Australia Provides Update On International Tax Enforcement
In comments to the TPMinds International Conference in late March, Deputy Commissioner Mark Konza outlined the Australia Taxation Office’s priorities in the area of international tax enforcement, with an especial focus to be placed on the energy and resources sector and pharmaceutical industry.
His comments, published by the ATO on March 29, focused on the work of the new Tax Avoidance Taskforce, established in 2016, to tackle multinational tax avoidance and avoidance by wealthy individual taxpayers.
On the energy and resources sector, he said the ATO will be looking specifically at exploration expenditure, hubs (particularly marketing hubs), and related-party financing such as debt funding, the use of derivatives to avoid interest withholding tax, and cross currency interest rate swaps.
“With Australia set to become the world’s biggest exporter of liquefied petroleum gas by 2022, the oil and gas industry is a particular focus for us. With big developments and long term contracts being a feature of the LPG industry, it is important we get the pricing right from the start or it could all end in tax tears,” he said.
“The fragmentation of business structures in order to re-characterize income from trading income earned by a company to passive income earned by an associated trust is also a concern,” he continued. “These fragmented arrangements are then sold as highly tax effective stapled securities. Recent arrangements have been pushing the envelope of what can be put on the trust side. The Government is also examining this issue from a policy perspective.”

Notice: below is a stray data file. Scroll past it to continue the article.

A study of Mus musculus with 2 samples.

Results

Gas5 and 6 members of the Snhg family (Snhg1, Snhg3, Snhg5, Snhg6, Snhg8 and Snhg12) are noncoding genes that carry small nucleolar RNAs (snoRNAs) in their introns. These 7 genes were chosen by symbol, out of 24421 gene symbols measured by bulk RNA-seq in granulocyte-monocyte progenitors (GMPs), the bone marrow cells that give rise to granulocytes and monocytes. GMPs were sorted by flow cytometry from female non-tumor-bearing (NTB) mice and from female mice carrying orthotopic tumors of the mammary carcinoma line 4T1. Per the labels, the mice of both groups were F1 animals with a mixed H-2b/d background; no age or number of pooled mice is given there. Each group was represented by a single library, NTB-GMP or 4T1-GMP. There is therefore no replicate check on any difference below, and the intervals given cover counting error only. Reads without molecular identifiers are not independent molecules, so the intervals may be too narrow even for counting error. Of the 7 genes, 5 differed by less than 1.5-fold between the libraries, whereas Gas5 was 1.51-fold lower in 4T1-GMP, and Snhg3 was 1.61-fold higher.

Next he discussed the transfer of intellectual property offshore, describing it as a growing concern for the ATO: “We are investigating arrangements that result in the migration or artificial allocation of intangible assets, and rights in those assets, to offshore related parties by multinationals. Valuation issues also arise in these matters.”
Konza said the ATO will also focus efforts on tackling the manipulation of thin capitalization calculations. He said: “We are reviewing the thin capitalization arrangements of 27 taxpayers and are looking to provide assurance on about two-thirds of total revaluations for 2015-16 (approximately AUD78bn (USD60bn) in revaluations). This issue goes to how much debt can be carried in the Australian entity.”
Finally, he told attendees that the ATO is preparing to introduce hybrid mismatch legislation next year, with the agency currently looking at how companies are being advised to respond in this area.